Two scholars share 2019 Bill Gates Sr. Prize
Two Gates Cambridge Scholars are sharing the 2019 Bill Gates Sr. Prize which recognise their outstanding research and social leadership.
Carol Nkechi Ibe and Cansu Karabiyik have been selected for the prize which was established by the Gates Cambridge Trustees in June 2012 in recognition of Bill Gates Sr’s role in establishing the Gates Cambridge Scholarships, being a Trustee and engaging with, and inspiring, many generations of Gates Cambridge Scholars.
The Award, presented at the graduation dinner on Friday, allows Scholars to recognise the impact and contribution to the Scholar community of one of their peers, with particular reference to the Scholarship’s selection criteria. Scholars are asked to nominate a fellow Scholar for the Award by completing a statement about why that Scholar would be a suitable recipient. Selection was on the basis of how well the nominated candidates met the selection criteria while in residence in Cambridge. It is the fourth year running that the award has been shared.
Cansu Karabiyik  is doing a PhD in Medical Science investigating autophagy in Parkinson's disease and has contributed to several publications on neurodegenerative diseases.
Cansu, who is Kurdish and grew up in Denmark, is also dedicated to improving the lives of refugees. In her first year at Cambridge, she put on a garden party to raise money for refugees in Chios, Greece, and has travelled to Greece several times to volunteer in refugee camps. After getting involved in stand-up comedy at Cambridge - which has led to her being a regular on the London and Cambridge comedy circuit and being featured on the BBC Radio 4 New Comedy Awards - she set up the charity Laugh 4 Change. It puts on stand-up shows to raise money for refugees and has raised more than £9,000 to provide food, education and mental health support for refugees in Greece. Cansu is now working to expand the charity to other universities.
She was also nominated for the Bill Gates Sr Award for her energetic commitment to Gates Cambridge Scholars’ professional development. As Learning for Purpose co-director, she has injected new energy into the programme and initiated a partnership with the Orientation Committee that put on four LfP workshops during the orientation process. It now holds regular workshops throughout the year.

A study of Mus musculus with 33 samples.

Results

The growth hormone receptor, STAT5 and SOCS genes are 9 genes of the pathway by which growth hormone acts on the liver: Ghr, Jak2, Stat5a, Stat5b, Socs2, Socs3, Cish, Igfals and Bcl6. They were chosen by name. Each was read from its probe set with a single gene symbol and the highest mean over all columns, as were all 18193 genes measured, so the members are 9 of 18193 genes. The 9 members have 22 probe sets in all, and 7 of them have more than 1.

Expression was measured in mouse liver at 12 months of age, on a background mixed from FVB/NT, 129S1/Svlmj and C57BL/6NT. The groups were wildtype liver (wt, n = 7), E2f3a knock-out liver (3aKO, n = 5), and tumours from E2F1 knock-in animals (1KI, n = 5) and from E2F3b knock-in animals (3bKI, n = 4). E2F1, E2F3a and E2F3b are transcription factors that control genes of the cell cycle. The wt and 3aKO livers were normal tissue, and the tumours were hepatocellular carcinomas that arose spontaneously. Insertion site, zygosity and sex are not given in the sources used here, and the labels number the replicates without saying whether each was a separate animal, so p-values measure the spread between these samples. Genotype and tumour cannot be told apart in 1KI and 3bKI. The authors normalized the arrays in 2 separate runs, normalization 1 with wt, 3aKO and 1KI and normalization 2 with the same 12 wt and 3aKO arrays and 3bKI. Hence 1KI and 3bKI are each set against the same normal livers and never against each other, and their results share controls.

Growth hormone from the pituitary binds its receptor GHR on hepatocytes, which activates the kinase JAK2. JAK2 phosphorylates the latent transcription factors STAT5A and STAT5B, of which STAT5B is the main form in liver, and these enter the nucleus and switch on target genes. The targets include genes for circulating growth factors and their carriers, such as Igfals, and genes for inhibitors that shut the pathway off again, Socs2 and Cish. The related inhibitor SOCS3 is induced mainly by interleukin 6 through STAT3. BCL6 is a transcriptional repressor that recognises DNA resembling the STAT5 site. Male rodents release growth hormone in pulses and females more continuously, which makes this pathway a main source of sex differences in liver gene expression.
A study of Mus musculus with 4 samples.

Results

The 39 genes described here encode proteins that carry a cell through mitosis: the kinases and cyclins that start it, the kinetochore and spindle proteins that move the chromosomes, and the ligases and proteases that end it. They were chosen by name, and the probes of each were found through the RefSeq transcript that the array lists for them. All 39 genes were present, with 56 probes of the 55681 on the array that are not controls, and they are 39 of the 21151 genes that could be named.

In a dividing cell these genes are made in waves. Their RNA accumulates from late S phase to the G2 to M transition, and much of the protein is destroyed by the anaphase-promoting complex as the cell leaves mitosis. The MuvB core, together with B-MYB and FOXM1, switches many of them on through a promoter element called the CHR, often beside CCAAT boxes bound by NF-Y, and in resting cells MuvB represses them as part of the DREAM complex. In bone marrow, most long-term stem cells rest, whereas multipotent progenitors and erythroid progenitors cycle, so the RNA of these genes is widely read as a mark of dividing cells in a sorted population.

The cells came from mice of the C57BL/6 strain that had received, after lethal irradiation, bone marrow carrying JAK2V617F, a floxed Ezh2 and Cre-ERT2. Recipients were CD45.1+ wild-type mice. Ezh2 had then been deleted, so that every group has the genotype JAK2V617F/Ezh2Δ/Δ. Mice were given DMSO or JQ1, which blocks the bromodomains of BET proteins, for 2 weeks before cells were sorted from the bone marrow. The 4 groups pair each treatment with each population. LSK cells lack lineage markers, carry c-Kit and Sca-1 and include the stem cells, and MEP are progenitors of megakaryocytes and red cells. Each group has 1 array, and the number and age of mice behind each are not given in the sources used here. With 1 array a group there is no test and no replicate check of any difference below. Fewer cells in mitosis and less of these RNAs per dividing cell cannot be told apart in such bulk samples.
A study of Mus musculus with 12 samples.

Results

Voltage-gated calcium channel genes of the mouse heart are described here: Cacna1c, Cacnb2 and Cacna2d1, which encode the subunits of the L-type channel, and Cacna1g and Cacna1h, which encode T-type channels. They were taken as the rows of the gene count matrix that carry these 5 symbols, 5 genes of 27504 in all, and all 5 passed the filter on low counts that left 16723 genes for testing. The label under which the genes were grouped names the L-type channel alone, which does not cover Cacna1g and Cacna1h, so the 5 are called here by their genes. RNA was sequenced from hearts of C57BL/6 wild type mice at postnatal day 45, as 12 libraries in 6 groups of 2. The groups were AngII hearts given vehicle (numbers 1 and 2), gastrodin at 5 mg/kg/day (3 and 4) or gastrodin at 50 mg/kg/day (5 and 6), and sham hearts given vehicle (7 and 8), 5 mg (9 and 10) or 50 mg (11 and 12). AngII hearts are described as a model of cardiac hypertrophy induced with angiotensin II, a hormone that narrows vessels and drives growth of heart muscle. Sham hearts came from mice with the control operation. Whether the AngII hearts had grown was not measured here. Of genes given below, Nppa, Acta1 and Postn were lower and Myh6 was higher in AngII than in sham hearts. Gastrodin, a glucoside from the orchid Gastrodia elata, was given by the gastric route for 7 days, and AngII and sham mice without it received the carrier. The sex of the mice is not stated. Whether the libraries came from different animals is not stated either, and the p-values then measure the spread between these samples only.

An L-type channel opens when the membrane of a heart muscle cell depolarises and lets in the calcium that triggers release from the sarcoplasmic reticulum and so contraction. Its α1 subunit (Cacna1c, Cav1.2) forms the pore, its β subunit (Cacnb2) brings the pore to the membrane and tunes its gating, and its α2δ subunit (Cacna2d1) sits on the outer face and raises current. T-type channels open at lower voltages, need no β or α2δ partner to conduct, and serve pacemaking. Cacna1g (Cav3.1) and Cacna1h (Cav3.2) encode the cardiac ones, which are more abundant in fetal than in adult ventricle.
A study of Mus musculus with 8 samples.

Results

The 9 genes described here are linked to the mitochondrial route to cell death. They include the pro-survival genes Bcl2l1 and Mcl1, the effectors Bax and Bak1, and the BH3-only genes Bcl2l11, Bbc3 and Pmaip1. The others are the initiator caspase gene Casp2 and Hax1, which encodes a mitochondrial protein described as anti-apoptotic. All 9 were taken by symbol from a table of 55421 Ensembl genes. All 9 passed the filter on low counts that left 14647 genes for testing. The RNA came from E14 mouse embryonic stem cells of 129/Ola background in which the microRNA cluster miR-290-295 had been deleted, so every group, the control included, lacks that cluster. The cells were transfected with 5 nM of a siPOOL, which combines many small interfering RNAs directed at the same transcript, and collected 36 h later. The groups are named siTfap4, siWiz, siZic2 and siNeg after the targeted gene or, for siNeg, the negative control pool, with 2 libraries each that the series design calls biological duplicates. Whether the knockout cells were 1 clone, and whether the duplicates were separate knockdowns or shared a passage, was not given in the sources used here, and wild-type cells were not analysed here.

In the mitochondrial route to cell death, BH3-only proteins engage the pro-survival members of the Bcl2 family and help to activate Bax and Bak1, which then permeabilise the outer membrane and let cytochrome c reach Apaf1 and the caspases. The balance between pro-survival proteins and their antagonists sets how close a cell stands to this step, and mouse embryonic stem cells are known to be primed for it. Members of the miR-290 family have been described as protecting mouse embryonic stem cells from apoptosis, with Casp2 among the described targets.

One nominator wrote: “Both in her personality and her activism, Cansu uses laughter to illuminate some of the most profound geopolitical problems of our day, though this masks a deeply fiery and personal commitment to improving the lives of anyone who has ever felt unwelcome in a new place. In terms of accomplishments, she overshadows all of us...Cansu dedicates her sharp mind, generous heart and riotous sense of humour to everything she does.”
Plant Sciences and laboratory training
Carol Nkechi Ibe  is doing a PhD in Plant Sciences and her research has highlighted the regulatory role of three rice receptor-like kinases during intracellular invasion of rice roots by a rice leaf pathogen. Her research aids understanding of a disease that destroys up to 30% of rice in the field and could play an important role in increasing global food security.
It recently won her the highly competitive Cambridge University Society for the Application of Research (CSAR) Award. Carol was one of 12 winners (out of more than 200 entries) and the first black student to win the award.
In addition to her research, Carol is the founder of the non-profit organisation JR Biotek Foundation which provides high-quality scientific laboratory training and teaching resources to Africa-based research scientists, lecturers and students. Carol also provides mentoring support to African students and donates new/used lab equipment, consumables and reagents from companies and universities in the UK to support research in Africa.
JR Biotek organises training workshops in Africa - most recently a workshop was held in Benin which trained 100 agricultural researchers from 19 African countries. It also holds an annual Molecular Laboratory Training Workshop and a UK-Africa Food Security Symposium at the University of Cambridge.
In the 2nd year of her PhD, Carol created the ‘Bio-innovation for Africa’ pitching challenge to inspire African scientists to work together to develop solutions to the challenges faced on the continent. Multiple Africa-based startups and non-profit organisations have been created from this initiative.
Through her work for JR Biotek Carol has raised more than £100,000 from donors within the University of Cambridge and has reached 133 Africa-based agricultural researchers and postgraduate students from more than 22 African countries.
She also took part in the Bill & Melinda Gates Foundation's Grand Challenges meeting last October to speak both about her PhD research and her work with the JR Biotek Foundation.
One of her nominators said: “Her passion, generosity and absolute commitment to make a huge difference in the lives of others leads me to nominate her for the Bill Gates Sr Prize award. Her excellent work and unique personal attributes fulfil the criteria of this award, but most importantly, represent the Gates Cambridge Scholarship.”